With experience and data from tens of thousands of radon measurements around the world, Radonova has identified the most common mistakes that occur during residential radon measurements. Avoid these three common mistakes to prevent false positive or false negative readings and unnecessary re-measurements.
1. Too few radon detectors are used when measuring for radon.
Frequently, homeowners will choose to only place detectors in basements because it is suspected that there are high radon levels there (which is often the case). Radon is an invisible radioactive gas that is transported in the air, therefore it is best to also measure rooms where residents spend most of their time.
When determining the number of detectors needed, use the following guide:
- Place at least one radon detector in the largest central lived in area on the lowest occupied level of the home.
- Measure rooms where people spend four or more hours per day – such as bedrooms, family rooms, living rooms, and home offices.
- In multi-story homes be sure to test upper floors as well. Radon can be higher on upper floors. The only way to know is to test all floors.
For those who live in a home with an outside building or guest house, measurement is recommended there as well. Radon levels can vary greatly between different buildings, even if they are close together.
2. Radon detectors are not placed in the correct location(s) when measuring for radon.
Detectors from an accredited radon laboratory, such as Radonova, will provide clear instructions on where the detectors should be placed. Instructions will state the following:
- Place the detector on a shelf or table against an interior wall that is free from ventilation sources like vents or air returns.
- Keep the radon test away from all windows, doorways, and exterior walls. If the test is in an air draft area or near a window it introduces too much fresh air to accurately measure your indoor radon levels.
- Place a radon detector on a shelf or table at least 20 inches above the floor.
- Do not place the detector on a fireplace mantel, in a kitchen, in a bathroom, laundry room, or on a window sill.
- Make sure pets, children, and family members cannot move or play with the radon detector. It should be left unmoved during the measurement period.
Placement mistakes rarely create false positive readings. But, false positive readings could occur if the test is placed in too small of an area in an unoccupied basement or too close to a known radon source like an unsealed sump well.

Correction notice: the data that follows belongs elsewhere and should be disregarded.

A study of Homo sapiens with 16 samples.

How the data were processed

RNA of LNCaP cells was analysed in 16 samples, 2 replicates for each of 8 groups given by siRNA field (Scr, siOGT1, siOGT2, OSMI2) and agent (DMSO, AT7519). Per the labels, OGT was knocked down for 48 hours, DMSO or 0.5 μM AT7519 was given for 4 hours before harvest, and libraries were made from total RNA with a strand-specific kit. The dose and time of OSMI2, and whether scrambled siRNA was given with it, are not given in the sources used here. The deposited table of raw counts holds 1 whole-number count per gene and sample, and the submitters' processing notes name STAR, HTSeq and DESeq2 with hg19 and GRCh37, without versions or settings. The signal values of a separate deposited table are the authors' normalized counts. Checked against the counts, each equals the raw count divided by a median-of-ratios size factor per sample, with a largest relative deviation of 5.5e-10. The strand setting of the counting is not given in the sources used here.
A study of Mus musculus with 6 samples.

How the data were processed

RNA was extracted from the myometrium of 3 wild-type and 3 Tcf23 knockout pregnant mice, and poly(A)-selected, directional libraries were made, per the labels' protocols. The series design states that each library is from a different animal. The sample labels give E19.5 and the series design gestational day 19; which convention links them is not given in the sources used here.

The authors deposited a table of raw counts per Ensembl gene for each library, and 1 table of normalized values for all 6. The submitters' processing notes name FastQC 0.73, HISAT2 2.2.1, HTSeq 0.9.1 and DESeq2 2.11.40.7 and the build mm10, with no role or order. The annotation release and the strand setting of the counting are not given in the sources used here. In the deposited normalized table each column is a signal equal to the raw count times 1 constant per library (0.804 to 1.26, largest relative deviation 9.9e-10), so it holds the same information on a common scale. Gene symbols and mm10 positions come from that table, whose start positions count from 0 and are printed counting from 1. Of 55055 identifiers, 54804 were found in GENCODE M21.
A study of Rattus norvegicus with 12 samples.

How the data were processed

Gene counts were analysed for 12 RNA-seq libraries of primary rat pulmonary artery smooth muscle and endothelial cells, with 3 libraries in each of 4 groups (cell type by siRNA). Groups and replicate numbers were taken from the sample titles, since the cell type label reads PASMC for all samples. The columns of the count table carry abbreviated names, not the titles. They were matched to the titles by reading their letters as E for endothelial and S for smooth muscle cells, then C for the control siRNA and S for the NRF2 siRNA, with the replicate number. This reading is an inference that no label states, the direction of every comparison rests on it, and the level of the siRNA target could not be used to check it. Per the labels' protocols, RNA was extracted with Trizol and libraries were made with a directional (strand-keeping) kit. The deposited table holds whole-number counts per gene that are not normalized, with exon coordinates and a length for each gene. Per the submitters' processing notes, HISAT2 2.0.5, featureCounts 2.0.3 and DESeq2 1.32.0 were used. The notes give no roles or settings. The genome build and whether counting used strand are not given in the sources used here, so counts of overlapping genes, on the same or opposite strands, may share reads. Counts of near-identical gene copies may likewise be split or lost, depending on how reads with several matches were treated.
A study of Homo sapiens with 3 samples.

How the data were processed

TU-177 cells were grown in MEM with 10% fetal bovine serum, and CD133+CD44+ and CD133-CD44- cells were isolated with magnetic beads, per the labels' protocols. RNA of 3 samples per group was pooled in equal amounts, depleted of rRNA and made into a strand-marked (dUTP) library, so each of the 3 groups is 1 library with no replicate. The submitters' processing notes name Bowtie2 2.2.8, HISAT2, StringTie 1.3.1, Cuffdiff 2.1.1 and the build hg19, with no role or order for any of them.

3. Measuring for radon is only done one time – and never tested again if levels are low.
Just as radon levels can vary between homes on the same street or in the same neighborhood, radon levels can vary within a single home over time. The EPA recommends that all homeowners test for radon every two years. It is also recommended to test for radon:
- Every year after installing a radon mitigation system
- When buying a new home
- When moving to a lower floor of your home, such as a basement or partially buried underground floors
- During alternate seasons - such as taking a measurement in the summer months and also in the winter months
- After major home renovations
Because many homeowners may only test once for radon, it’s even more critical that radon detectors are accurate and the measurement is analyzed by an accredited laboratory.
Radonova’s home radon tests are easy to use, accurate, and analyzed in their highly accredited laboratory. Select the test based on the testing duration that best fits your time frame. The longer you can test, the more accurate your results will be.
- QuickScreen is a 2-to-4-day charcoal radon screener which is ideal for obtaining a quick snapshot of radon levels.
- The 10 to 90 day Rapidos alpha track detector provides detailed and accurate results in the short term.
- Radtrak³ is the most popular alpha track radon detector in the world. It is deployed for up to 365 days and is the most accurate option.
Radonova is the laboratory of choice for numerous government radon surveys, as well as other public, and private sector large-scale measurement contracts around the world. A truly global laboratory, Radonova is active in over 50 countries and has performed millions of radon measurements.